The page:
Kettle Corn Wars at The Big E
But who makes the best batch at The Big E?
Any kettle corn connoisseur worth their salt knows that if you want the real deal, you’ve got to get from an actual kettle.
Therein lies the dilemma — do you buy from Cloud Nine behind the New Hampshire building? Or Henry’s Kettle Korn in Storrowton Village?
“Well, let’s put it this way, I teach how to make this,” says Bob Bell, owner of Cloud Nine. “The other guys signed up, but they never came to class.”
“Surprisingly, they actually look for the hat,” says Henry Towner, owner of Henry’s Kettle Korn. “I have a lot of people that look for the hat, but I have a lot of people who look for the cooker as well and see that it’s made kind of the old-fashioned way.”
Both Henry and Bob we nice enough to share their kettle corn cooking secrets — which are pretty similar.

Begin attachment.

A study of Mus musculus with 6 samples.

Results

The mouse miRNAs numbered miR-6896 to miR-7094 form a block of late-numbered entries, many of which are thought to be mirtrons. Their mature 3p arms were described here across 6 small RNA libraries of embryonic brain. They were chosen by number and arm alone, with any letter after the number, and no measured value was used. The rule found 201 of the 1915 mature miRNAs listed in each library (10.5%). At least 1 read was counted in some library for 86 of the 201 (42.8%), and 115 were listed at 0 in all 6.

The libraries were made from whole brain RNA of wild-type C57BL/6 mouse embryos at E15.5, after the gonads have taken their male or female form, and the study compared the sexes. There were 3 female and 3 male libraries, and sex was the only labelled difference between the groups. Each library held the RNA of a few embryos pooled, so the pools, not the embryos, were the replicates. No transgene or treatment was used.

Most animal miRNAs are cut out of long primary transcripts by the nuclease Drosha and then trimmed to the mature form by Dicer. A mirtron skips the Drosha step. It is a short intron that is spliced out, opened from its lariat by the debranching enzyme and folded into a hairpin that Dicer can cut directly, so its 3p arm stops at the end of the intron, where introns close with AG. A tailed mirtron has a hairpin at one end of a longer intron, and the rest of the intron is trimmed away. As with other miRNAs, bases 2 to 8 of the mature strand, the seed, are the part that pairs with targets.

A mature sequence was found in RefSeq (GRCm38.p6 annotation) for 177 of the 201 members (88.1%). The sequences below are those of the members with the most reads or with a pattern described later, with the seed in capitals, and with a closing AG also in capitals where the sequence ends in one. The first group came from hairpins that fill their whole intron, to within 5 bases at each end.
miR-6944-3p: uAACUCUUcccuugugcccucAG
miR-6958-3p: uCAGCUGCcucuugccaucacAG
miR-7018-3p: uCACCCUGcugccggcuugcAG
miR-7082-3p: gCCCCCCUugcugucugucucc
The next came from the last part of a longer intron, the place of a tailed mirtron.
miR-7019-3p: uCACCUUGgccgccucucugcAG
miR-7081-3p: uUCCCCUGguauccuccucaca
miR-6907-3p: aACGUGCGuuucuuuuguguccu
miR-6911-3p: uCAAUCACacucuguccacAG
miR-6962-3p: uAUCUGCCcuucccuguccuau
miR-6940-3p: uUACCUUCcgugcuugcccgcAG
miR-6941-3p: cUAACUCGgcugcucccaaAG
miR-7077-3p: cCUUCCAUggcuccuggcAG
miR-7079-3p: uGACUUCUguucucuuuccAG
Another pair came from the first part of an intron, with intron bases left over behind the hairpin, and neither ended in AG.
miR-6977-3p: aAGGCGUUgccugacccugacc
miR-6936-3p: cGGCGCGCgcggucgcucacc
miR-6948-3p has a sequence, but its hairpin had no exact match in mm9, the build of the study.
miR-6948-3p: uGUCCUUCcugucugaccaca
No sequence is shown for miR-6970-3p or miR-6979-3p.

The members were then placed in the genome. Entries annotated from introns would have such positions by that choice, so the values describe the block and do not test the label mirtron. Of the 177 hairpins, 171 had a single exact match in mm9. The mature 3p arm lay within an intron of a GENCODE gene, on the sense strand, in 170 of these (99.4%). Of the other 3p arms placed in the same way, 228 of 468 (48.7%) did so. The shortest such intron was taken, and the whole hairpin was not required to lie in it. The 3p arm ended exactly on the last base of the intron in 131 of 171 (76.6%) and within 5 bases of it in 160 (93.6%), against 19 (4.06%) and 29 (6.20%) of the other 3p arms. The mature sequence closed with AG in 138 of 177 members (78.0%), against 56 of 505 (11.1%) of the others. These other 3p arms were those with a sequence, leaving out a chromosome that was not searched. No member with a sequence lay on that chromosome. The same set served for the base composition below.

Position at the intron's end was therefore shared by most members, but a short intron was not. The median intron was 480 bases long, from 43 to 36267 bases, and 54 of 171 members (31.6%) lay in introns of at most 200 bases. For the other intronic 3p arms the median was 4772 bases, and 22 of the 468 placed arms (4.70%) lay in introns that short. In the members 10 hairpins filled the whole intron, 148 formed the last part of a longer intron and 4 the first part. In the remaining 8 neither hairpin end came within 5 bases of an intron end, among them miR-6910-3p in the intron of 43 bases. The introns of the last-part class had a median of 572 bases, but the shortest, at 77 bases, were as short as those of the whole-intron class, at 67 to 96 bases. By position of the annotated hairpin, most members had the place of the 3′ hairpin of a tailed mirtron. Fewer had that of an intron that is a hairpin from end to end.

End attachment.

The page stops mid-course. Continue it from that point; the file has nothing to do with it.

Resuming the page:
But if you eat enough of it — and trust us, we did — you’ll pick up on a few differences.
Henry uses a butterfly kernel, which makes his kettle corn very light.
Bob, on the other hand, uses a mushroom kernel. It gives his kettle corn more of a crunch.
We here at ABC40 would polish off either bag — but most customers end up taking sides.
Dave Wright of Longmeadow says he’s a Henry’s man.
“Always here,” says Wright. “It’s very tasty.”
But for Paul Verme of Guilford, it’s all about Bob’s Cloud Nine kettle corn.
“We come up here just to get it fresh,” says Verme, “I only come here, I don’t trust it — I’d rather just come here.”
Verme adds, “I know it’s fresh, it’s cooked in front of us and it’s nice.”
The Big E wraps up in less than a week, so you’re running out of time to choose your favorite.